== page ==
The Sinner stars Jessica Biel as Cora, a young, overwrought mother with seemingly too much on her plate and a husband, Mason, all too willing to chuck himself onto the couch while she, and his mother next door, do all the hard work.
After a particularly grueling day of Mama's boy Mason getting on her last nerve, on a simple day at the beach, Cora suddenly drives a fruit paring knife into the fun-loving young doctor on a nearby beach blanket. She has no idea why.
Enter Bill Pullman's Detective Ambrose with a whole host of issues of his own, including the one that won't allow him to let even the most cut and dried case be pried from his stubborn fingers.
On the surface, The Sinner seems as though it's going to be a daring look into the psyche of a wholesome young woman who has it all and the drive of the one man who dares reach inside of her fragile, scarred mind for answers.
There is a bit of that to The Sinner, sure, but after watching three episodes, I've discovered the series is far more dedicated to Detective Ambrose and his dogged determination to follow the clues, just like any good detective would than any psychological behavior of Biel's Cora.
Whether that was intentional or not remains to be seen. After all, there are five more installments to uncover all of the answers.
Cora's story is told mainly through flashbacks to her childhood, and that leaves most of the emoting Biel does in the present rather dull by comparison.
This isn't going to be an Emmy worthy performance for Biel by any means unless crocodile tears have come up the ranks in the nominations process because the straight-faced Cora spends most of her time allowing tears to seep down her cheeks without fully crying.
Because the murder took place so quickly after the opening credits rolled, we learned relatively nothing of the present life Cora lives before she was shuffled off in handcuffs.
What we did witness wasn't what you'd call happiness. What Cora later discusses about her life with her husband and child, though, wavers from the best to not wanting it back. The lack of emotion never gives you the ability to understand the character fully.
All of that is left up to Pullman's Ambrose.
Little by little, Ambrose is unmasked as a bit of a sinner himself. In fact, by the end of the third episode, it's unclear whether the series' title is referring to Cora or Ambrose. Hopefully, that's by design.
Ambrose has flaws. A lot of them. He cheated on his wife and didn't treat her as a wife would want to be treated. If she knew what the audience learns, she'd have a whole plethora of topics for couples therapy.
But, at least Ambrose goes to couples therapy and honestly seems to love the wife he's lost.
I suppose Ambrose can be called a quirky man, but the quirks aren't written most endearingly. That's the thing about The Sinner overall. Nothing reaches out and grabs you, whether it's to be endearing, quirky or even downright terrible.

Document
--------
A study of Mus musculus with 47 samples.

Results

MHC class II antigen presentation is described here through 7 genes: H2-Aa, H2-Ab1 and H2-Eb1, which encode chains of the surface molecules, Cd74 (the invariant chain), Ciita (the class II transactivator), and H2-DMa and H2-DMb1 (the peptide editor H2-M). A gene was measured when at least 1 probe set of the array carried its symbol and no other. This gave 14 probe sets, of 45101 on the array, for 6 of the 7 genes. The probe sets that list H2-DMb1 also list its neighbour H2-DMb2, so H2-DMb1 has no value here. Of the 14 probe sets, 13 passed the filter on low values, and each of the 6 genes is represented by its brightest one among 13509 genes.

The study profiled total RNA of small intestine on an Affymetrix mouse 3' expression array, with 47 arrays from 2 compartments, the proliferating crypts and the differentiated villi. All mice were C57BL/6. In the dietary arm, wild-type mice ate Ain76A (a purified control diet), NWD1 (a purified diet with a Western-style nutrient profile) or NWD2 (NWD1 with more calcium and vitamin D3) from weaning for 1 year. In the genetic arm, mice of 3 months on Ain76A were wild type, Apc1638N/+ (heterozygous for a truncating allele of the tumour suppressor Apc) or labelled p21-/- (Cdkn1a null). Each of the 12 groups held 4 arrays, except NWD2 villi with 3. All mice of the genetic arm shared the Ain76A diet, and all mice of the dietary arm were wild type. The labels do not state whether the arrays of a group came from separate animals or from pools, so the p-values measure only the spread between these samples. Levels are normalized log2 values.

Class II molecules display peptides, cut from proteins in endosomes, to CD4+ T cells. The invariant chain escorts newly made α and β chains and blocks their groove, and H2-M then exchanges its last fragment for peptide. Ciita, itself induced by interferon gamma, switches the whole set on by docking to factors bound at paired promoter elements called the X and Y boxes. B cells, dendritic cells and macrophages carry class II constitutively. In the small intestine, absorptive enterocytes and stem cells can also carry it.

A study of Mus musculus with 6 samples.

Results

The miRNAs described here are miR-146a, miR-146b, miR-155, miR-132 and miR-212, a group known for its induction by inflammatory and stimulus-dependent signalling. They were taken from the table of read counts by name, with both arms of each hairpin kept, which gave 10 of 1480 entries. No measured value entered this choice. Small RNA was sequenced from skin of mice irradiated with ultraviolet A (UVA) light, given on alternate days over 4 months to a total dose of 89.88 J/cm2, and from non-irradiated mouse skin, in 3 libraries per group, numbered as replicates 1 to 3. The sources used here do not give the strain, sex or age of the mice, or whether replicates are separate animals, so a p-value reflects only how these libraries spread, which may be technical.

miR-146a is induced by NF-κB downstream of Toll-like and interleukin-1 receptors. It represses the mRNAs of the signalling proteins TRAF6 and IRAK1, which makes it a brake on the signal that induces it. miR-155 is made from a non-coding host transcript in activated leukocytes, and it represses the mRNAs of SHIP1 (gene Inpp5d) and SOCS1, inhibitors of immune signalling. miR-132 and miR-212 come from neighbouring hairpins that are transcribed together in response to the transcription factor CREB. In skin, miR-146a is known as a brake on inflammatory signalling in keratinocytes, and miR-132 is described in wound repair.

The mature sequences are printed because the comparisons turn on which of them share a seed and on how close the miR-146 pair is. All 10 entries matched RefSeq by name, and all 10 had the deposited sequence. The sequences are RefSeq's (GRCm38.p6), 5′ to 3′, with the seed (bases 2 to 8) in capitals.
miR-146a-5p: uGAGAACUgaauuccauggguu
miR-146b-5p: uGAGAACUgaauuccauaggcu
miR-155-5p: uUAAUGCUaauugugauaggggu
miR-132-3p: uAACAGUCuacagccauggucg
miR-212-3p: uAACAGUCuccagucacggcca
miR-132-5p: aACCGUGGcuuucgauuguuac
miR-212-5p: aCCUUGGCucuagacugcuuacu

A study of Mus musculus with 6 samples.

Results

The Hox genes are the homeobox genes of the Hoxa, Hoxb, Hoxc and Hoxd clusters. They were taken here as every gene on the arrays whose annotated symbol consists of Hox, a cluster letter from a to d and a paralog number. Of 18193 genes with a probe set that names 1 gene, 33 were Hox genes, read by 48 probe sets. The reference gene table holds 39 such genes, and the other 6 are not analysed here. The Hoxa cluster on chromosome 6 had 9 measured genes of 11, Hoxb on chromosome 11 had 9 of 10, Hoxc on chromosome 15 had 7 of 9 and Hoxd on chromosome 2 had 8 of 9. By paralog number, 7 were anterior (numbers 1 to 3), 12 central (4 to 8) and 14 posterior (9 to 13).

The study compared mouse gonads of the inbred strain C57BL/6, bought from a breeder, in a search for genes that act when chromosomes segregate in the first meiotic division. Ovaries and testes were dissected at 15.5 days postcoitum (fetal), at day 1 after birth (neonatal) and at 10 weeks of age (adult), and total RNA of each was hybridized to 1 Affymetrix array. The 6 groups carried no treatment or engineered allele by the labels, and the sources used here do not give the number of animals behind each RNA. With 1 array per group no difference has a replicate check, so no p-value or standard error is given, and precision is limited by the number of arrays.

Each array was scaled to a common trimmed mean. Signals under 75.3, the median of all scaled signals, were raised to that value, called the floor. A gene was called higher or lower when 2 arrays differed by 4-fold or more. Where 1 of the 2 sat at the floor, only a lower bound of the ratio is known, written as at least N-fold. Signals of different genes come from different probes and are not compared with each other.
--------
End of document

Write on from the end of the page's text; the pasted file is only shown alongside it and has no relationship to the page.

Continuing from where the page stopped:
Under normal circumstances, one should be aghast at a woman stabbing a young man on a beach, for example, but it evoked little emotion while watching. Cora's flashbacks are the closest to evoking all the things they're probably supposed to, but hatred is what stands out.
It's as if there is an important piece of the puzzle, that special ingredient that digs into your heart and grabs you, that's missing from The Sinner.
But what The Sinner does well is connect the dots. While I believe the attempt was to be a psychological thriller, instead it's a good ol' detective story. And Ambrose is a good detective.
He has a keen eye for seeing what others miss, and those insights lead him to more questions, more clues, and ultimately more answers. Cora's story is a lot more complex than you can imagine at the opening, and only Ambrose's detective work uncovered the reality of what's missing from her life.
His desire to put it together and how he goes about it is interesting to watch in its own right, but not nearly as interesting as it would have been if we had been more involved in the psychological aspect of why someone chooses to commit murder.
If you go into watching The Sinner with a more traditional whodunnit expectation merely trading out the who for why you might have an enjoyable viewing experience. With Jessica Biel and Bill Pullman on board, I was hoping for a lot more than enjoyable.
The Sinner premieres Wednesday, August 2 at 10/9c on USA Network.
Carissa Pavlica is the managing editor and a staff writer and critic for TV Fanatic. She's a member of the Critic's Choice Association, enjoys mentoring writers, conversing with cats, and passionately discussing the nuances of television and film with anyone who will listen. Follow her on Twitter and email her here at TV Fanatic.